Miguna was right, Ongalo shows bad side to journalism

By John Onyando

Kenya's journalism is in the throes of its most severe crisis in decades.

A combination of censorship, unbridled partisanship and ineptitude are steadily eroding the gains that the local media realised over the past decade. Unlike in the years gone by, the prime threats to media freedom today are within the institution itself rather than from an overzealous government.

While we admire the contributions that some heroic journalists – the types who were jailed or exiled – made to combating dictatorship during that dark era of our history, we have to contend with those who insipidly toil to slow the completion of our emancipation. For the media, even today, is not a homogeneous entity wholesomely devoted to upholding national efforts towards reforms.

In the context of Kenya's liberation struggles, pseudo reformers instinctively overrate their role in changing society while maligning the true heroes of the struggle. This is precisely the kind of analysis that Otuma Ongalo, who signs off his articles as the “Standard's senior editor for production and quality,” has been pandering recently. Perhaps due to his big title, Ongalo writes with a finality that betrays his deeply intolerant mien – which itself is such a bane for someone in his trade.

Ongalo's partisanship was explicit in his last two columns – on Prime Minister Raila Odinga on May 1st and on the PM's advisor Miguna Miguna today. “Raila is a bridge that links us more to the dreaded past than the bright future,” screamed the title to his first column. But rather than astutely clarify why the PM is such a depressing leader, Ongalo's column as always recycled his own cynical attitudes against the PM and his aides. Statements like “a fine blend between Jomo Kenyatta and the Nyayo schools of thought,” may sound intelligent to the ears of one's consorts, but their true worth in a newspaper analysis is an open question.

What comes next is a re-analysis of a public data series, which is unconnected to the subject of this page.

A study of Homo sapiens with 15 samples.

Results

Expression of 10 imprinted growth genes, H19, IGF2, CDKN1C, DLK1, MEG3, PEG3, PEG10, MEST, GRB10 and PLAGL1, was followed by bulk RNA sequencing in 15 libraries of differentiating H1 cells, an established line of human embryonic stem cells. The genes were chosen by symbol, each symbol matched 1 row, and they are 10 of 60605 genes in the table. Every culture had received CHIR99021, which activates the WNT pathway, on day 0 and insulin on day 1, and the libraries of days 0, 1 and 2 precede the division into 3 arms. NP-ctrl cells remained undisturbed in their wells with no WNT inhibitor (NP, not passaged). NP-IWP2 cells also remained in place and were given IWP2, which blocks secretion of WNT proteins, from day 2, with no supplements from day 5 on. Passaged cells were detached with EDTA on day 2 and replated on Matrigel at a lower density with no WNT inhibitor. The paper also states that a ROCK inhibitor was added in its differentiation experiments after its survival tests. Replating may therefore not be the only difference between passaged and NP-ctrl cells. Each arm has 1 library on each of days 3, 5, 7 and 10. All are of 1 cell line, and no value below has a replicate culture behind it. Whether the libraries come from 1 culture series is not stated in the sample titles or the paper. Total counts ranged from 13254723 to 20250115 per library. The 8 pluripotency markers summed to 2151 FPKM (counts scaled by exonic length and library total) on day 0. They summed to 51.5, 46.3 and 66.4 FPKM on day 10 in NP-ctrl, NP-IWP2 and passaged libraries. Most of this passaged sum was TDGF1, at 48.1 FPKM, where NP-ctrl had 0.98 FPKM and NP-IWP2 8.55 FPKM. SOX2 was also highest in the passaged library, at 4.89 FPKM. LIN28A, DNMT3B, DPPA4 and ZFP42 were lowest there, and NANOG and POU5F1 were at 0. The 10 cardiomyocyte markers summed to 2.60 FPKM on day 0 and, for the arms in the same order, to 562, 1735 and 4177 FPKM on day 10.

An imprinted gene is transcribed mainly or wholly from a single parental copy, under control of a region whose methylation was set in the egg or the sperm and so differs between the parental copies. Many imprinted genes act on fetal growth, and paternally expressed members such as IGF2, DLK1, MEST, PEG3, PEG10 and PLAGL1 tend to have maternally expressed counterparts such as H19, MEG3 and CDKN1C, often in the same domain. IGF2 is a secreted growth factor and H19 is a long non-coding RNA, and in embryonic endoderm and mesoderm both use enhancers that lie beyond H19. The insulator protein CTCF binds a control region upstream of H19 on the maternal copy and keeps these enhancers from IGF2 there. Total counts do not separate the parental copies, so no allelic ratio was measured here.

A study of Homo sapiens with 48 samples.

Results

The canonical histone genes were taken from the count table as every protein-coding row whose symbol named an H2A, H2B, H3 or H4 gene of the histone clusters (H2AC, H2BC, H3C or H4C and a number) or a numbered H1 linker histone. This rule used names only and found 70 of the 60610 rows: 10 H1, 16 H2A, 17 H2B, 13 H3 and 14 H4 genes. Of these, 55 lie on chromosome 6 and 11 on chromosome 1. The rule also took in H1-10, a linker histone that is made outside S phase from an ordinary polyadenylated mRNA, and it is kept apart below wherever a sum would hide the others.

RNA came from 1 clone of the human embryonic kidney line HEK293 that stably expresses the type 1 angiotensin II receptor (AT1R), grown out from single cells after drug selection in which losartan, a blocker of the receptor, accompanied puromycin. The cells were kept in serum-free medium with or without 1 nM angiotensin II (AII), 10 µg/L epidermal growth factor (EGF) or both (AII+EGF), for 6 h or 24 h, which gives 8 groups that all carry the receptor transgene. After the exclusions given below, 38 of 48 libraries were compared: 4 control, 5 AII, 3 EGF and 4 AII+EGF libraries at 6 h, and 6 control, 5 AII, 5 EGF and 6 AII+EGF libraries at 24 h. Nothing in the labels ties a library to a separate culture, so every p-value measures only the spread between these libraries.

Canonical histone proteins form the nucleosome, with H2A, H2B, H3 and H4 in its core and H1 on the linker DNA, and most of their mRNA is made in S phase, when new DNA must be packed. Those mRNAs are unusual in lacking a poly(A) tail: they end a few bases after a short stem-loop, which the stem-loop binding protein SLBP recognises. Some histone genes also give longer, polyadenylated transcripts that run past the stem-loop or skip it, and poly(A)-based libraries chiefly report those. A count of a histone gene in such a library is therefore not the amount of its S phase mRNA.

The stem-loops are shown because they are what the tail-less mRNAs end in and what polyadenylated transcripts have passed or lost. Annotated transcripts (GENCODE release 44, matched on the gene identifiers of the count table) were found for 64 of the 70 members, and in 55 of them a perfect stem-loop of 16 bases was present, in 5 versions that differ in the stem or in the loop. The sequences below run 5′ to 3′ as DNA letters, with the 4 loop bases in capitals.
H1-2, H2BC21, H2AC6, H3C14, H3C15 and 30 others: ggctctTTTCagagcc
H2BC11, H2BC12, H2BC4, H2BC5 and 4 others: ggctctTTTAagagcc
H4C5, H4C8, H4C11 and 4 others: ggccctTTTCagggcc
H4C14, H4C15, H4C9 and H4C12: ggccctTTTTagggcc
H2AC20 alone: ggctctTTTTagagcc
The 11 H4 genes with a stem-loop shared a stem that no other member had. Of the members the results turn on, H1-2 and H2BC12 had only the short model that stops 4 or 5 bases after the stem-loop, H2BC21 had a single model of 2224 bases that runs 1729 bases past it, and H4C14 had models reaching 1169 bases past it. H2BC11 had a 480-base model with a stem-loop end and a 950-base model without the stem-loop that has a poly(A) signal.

Against all evidence, the venerated journalist censured Odinga for allegedly limiting dissent in ODM. The truth is that William Ruto's rebellion (he has called the PM his enemy number one) cannot pass the test of legitimate disagreement in an organised group.

The one area where Ongalo's article broke new ground was in his confession that he has set aside further empirical inquiry into politics, and now proudly consults his “Oracle” for direction. But even then what he was hiding from readers is his deep bewilderment by the PM's not obeying a political obituary he wrote not long ago.

In his very columns, Ongalo prophesised about Odinga's capitulation (as a result of the grand coalition's failures) to a new political consciousness that in his mind was sweeping through Kenya. It is because the PM's trajectory so repudiates that prediction that Ongalo has resorted to mystic oracles. But he cannot simultaneously take a new cause of advising the PM, a rabid dictator, on any wining formula.

One does not need to be Mr. Odinga's supporter to recognise the PM's painstaking fight for reforms in our country. It is due to Mr Odinga's unforgettable struggle for democracy and his unyielding contribution to the cause of change that he is perennially ranked as the politician most trusted by Kenyans.

Ongalo's attack on Odinga, James Orengo and Miguna comes against the backdrop of renewed obsession with Odinga by a select group of columnists whose opinions are so diametrically removed from public pulse that their real motivation is suspect. At a time of intense national debate on the constitution, land and other pressing issues, some columnists are singularly preoccupied with Mr. Odinga - and the crux of their scrutiny is nothing but outdated biases and undefined fears.

It was perfectly in order for Miguna, either personally or in his official role, to exercise his right of reply and correct the substance of Ongalo's scurrilous tirade against him, the PM and ODM. The Standard's suppression of Miguna's rejoinder was an inexcusable act of censorship. That the paper went ahead to publish a further mendacious comment by the same writer points to a deliberate campaign to malign Miguna. For even today's article by Ongalo failed to lay any convincing basis for his hyped fears of Raila, Miguna or ODM.

Ongalo's fantasies about Kamiti Prison are of course completely unfounded. While all of us naturally think highly of our writing, Ongalo's boisterous marvel at his quite lacklustre style is self-serving and myopic. Rather than engaging in an irrelevant contest against Miguna, Ongalo should let others determine the potency of his writing.

The writer, who works for an international agency in Nairobi, served in ODM and the PM's press section for a year.